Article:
SARAJEVO — A string of recent events has turned up the heat in this part of the world. With the final status of Kosovo still in the balance, we find ourselves on the heels of a series of important developments that should be viewed within a wider Balkan political context, in addition to the impact they could have on Kosovo.
The latest came May 7 in Belgrade, as Serbian Parliament tapped Tomislav Nikolic, a.k.a. “The Undertaker,” to be its new speaker — the country’s third most powerful post. Nikolic, 55, is deputy head of Serbia’s Radical Party, which took 37 percent in the country’s January 2007 elections and is widely considered the most intensely nationalistic of Serbia’s various political fronts. (The Radical Party’s official chief, Vojislav Seselj, is in The Hague on trial for war crimes committed during the wars in Bosnia and Croatia.)
My last dispatch noted the effect that the Radical Party’s strong showing in the January elections could have on Kosovo’s ongoing bid for independence. In short, if Kosovo is allowed to secede, the Radical Party will most likely respond by a) pushing parliament to deny Kosovo’s legitimacy (at least in terms of political rhetoric) by forever calling it an occupied territory of Serbia, and b) by using the development as a justification for a political push to absorb into Serbian sovereign territory an area known as the Republic of Srpska. The RS is currently part of Bosnia, though it is populated largely by ethnic Serbs.
A related side-development on the Kosovo issue recently found Richard Holbrooke, the man who ended the Bosnian war with the Dayton Peace Accords in 1995, claiming that the United States might recognize Kosovo, should a deadlock over its fate occur at the United Nations — for instance if Russia, in a show of support for Serbia, moves to veto a possible call by the United Nations for Kosovo’s independence. Holbrooke’s remarks prompted a biting reaction from some. Namely, Carl Bilt, the Swedish Foreign Minister and a veteran European Union diplomat to the Balkans, accused him of “playing with fire.”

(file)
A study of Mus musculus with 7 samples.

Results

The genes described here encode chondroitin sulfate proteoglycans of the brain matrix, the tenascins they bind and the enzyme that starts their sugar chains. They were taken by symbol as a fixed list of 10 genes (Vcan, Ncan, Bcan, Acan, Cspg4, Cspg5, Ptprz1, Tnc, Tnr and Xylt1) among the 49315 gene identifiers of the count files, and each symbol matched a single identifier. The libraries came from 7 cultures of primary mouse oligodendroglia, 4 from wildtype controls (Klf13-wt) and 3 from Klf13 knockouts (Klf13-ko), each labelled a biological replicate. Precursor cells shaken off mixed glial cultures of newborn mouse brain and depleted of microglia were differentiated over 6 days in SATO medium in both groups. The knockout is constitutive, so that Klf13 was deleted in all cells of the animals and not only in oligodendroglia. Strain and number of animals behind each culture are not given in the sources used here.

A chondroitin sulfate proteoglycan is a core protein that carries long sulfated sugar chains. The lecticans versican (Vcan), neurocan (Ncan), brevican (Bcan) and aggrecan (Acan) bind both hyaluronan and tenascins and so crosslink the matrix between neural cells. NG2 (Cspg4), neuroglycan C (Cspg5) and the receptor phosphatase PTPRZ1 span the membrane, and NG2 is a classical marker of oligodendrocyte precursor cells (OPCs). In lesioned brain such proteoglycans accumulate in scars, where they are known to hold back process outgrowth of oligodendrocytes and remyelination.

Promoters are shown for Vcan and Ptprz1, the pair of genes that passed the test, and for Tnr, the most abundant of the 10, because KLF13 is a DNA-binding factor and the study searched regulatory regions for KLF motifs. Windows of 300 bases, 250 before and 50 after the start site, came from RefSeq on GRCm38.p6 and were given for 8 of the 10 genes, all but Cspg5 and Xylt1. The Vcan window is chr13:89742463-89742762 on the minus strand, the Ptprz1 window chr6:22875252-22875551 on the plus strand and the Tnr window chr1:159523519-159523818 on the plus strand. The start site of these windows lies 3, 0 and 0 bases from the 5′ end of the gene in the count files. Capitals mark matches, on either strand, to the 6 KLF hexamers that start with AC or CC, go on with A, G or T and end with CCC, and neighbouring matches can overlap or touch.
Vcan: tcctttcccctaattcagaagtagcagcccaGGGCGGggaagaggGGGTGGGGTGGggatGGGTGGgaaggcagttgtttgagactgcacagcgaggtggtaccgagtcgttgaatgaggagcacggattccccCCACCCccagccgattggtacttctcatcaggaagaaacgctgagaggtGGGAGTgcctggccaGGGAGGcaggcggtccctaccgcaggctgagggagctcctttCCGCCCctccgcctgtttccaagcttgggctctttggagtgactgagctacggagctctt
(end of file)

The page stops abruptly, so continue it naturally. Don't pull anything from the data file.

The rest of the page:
Another key event, meanwhile, came at the end of April, when Ivica Racan, the “political father” of modern-day Croatia, died of brain cancer. Racan was long a voice of moderation in Croatia’s political landscape. In marking his passing, Stratfor, the global news publication of Strategic Forcasting Inc., offered this notably apt summary of the region’s current political situation:
Another event, which should be read as related to, if not inexorably entangled with the abovementioned, occurred in February, when the International Court of Justice, the highest judicial body of the United Nations, delivered the final verdict in a lawsuit filed by Bosnia and Herzegovina against Serbia and Montenegro for genocide. The ICJ held that even though genocide was committed in the Bosnian city of Srebrenica, Serbia was not responsible for it. The ruling infuriated many Bosnians, who continue to ask: Just who did it then?
Bosnian genocide victims were further angered by a subsequent report published in the New York Times, which maintained that the ICJ had ruled without seeing the full wartime archive from Serbia.
Damir Cosic is a Sarajevo-based economist and occasional contributor to World Politics Review.